Kalam Cosmological Argument
The Kalam cosmological argument is often used by theists, especially Christians and Muslims, to philosophically justify their belief in God. It goes as follows:
- Everything that begins to exist has a cause.
- The universe began to exist. (“Universe” is defined as all matter, energy, and time.)
- Therefore, the universe has a cause.
They follow with the claim that the cause for the universe has to be an uncaused cause, or God.
The trouble with this is: “God” is nowhere mentioned in the premises, and so is not a valid conclusion within this logical structure.
We as humans have not observed “everything.” In fact, the amount of observations we have made pale in comparison to “everything” there is. There may be “Black Swans” we haven’t come across. Also:
The law of conservation of energy - energy can neither be created nor destroyed—only converted from one form of energy to another.
We have not observed anything “begin to exist” in the sense that it came from nothing. Everything we have observed so far is a rearrangement of atoms or energy. So this premise is either ill-defined or invalid.
Even if it was hypothetically true, we could not demonstrate it well enough to make it epistemologically acceptable.
Before the Planck Epoch of the Big Bang, physics as we know it break down. We simply don’t know what happened beyond this point in time. Everything we can come up with is pure speculation.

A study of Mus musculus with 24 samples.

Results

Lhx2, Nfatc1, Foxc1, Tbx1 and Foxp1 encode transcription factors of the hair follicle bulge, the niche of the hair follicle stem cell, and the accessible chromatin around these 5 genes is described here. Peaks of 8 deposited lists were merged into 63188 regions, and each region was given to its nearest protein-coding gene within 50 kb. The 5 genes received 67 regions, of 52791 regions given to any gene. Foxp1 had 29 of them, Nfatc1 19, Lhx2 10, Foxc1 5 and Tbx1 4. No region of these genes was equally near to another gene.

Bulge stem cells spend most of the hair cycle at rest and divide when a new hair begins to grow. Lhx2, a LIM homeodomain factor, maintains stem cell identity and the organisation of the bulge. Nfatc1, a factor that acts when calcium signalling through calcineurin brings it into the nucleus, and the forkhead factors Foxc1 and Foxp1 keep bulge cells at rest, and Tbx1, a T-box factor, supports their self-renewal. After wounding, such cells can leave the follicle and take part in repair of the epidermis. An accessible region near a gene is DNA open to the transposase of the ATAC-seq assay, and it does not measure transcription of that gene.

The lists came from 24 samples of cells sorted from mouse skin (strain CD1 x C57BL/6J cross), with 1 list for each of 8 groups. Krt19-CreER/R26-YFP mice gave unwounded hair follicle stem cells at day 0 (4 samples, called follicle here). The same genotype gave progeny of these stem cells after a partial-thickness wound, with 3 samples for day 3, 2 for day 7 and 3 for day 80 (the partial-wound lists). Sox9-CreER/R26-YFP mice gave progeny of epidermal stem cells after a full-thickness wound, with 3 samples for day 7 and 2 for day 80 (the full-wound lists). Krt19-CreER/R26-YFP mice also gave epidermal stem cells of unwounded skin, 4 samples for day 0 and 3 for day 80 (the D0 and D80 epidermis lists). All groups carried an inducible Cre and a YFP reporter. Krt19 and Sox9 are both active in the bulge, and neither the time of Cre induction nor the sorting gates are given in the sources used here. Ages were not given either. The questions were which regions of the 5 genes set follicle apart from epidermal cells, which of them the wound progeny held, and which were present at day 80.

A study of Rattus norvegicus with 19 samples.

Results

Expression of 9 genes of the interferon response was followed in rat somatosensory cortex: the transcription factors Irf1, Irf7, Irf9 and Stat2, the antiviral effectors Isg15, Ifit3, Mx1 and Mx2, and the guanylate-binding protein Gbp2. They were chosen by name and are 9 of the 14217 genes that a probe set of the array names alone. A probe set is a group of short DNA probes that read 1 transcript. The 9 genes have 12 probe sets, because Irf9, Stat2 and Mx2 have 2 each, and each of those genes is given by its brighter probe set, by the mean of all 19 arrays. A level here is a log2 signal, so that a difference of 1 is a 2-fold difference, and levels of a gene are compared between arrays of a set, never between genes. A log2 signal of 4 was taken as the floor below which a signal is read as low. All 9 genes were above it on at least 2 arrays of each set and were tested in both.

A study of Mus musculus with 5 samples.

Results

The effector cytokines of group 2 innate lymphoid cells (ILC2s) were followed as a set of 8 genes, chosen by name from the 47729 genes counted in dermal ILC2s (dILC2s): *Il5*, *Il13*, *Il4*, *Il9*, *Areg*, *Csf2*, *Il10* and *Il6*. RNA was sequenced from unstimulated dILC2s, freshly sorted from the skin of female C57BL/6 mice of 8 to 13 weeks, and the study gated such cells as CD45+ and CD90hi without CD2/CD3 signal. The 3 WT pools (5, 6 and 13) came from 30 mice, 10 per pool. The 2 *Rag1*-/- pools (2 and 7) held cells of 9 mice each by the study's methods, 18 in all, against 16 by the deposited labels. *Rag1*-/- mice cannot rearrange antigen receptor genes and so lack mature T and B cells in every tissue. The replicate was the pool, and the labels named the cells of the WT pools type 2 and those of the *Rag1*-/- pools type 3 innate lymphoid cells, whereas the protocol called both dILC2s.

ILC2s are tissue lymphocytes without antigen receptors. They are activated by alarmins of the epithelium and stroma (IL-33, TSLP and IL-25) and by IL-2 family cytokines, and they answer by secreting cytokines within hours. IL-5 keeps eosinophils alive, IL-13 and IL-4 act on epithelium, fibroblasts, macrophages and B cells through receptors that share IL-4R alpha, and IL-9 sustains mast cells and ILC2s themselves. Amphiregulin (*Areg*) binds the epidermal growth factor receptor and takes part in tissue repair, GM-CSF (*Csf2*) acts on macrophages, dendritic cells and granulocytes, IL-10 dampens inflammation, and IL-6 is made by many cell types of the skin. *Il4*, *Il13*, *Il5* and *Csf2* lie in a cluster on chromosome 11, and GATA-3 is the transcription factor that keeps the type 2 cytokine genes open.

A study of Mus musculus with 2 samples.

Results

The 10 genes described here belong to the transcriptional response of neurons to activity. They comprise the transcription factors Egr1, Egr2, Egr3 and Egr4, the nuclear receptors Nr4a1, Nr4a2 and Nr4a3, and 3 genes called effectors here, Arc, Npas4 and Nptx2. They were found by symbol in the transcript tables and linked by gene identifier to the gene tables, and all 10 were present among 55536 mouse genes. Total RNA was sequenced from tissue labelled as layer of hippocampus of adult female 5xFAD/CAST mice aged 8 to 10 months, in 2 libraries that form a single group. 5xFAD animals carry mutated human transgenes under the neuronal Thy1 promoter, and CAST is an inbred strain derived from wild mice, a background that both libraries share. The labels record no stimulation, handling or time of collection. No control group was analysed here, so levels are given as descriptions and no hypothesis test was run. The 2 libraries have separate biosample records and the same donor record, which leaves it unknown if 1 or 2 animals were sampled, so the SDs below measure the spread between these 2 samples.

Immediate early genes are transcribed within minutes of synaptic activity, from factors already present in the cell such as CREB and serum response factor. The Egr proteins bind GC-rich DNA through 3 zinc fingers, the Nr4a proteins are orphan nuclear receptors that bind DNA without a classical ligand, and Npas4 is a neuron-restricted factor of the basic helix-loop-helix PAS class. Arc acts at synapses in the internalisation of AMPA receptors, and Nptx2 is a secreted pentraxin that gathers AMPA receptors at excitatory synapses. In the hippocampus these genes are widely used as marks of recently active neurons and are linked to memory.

Was there a singularity of compact matter and energy? If so where did this come from? Are there multiple universes? Was the universe created out of nothing by an uncaused, timeless, free-thinking agent? If so, where did that come from? (Thoughts need brains, and there must be a cause for brains to exist.)
We don’t know. And when we don’t know something, the most honest position is to admit “I don’t know.” It’s not epistemologically sound to jump to a conclusion without evidence.
fallacy of composition - inferring that something is true of the whole from the fact that it is true of some part of the whole.
The Kalam argument is as flawed as inferring that because every man has a mother, mankind as a whole must also have a mother. Or that because a chocolate chip is made from chocolate, the entire chocolate chip cookie must also be made from chocolate.
Just because things within the universe appear to have causes, it doesn’t automatically follow that the universe itself had a cause.
By Occam’s razor, “the universe has always existed (in some form)” is simpler than “a God has always existed and created the universe.”
While the Kalam Cosmological Argument may sound like a convincing argument on the surface, the 3 points fail on philosophical and empirical grounds.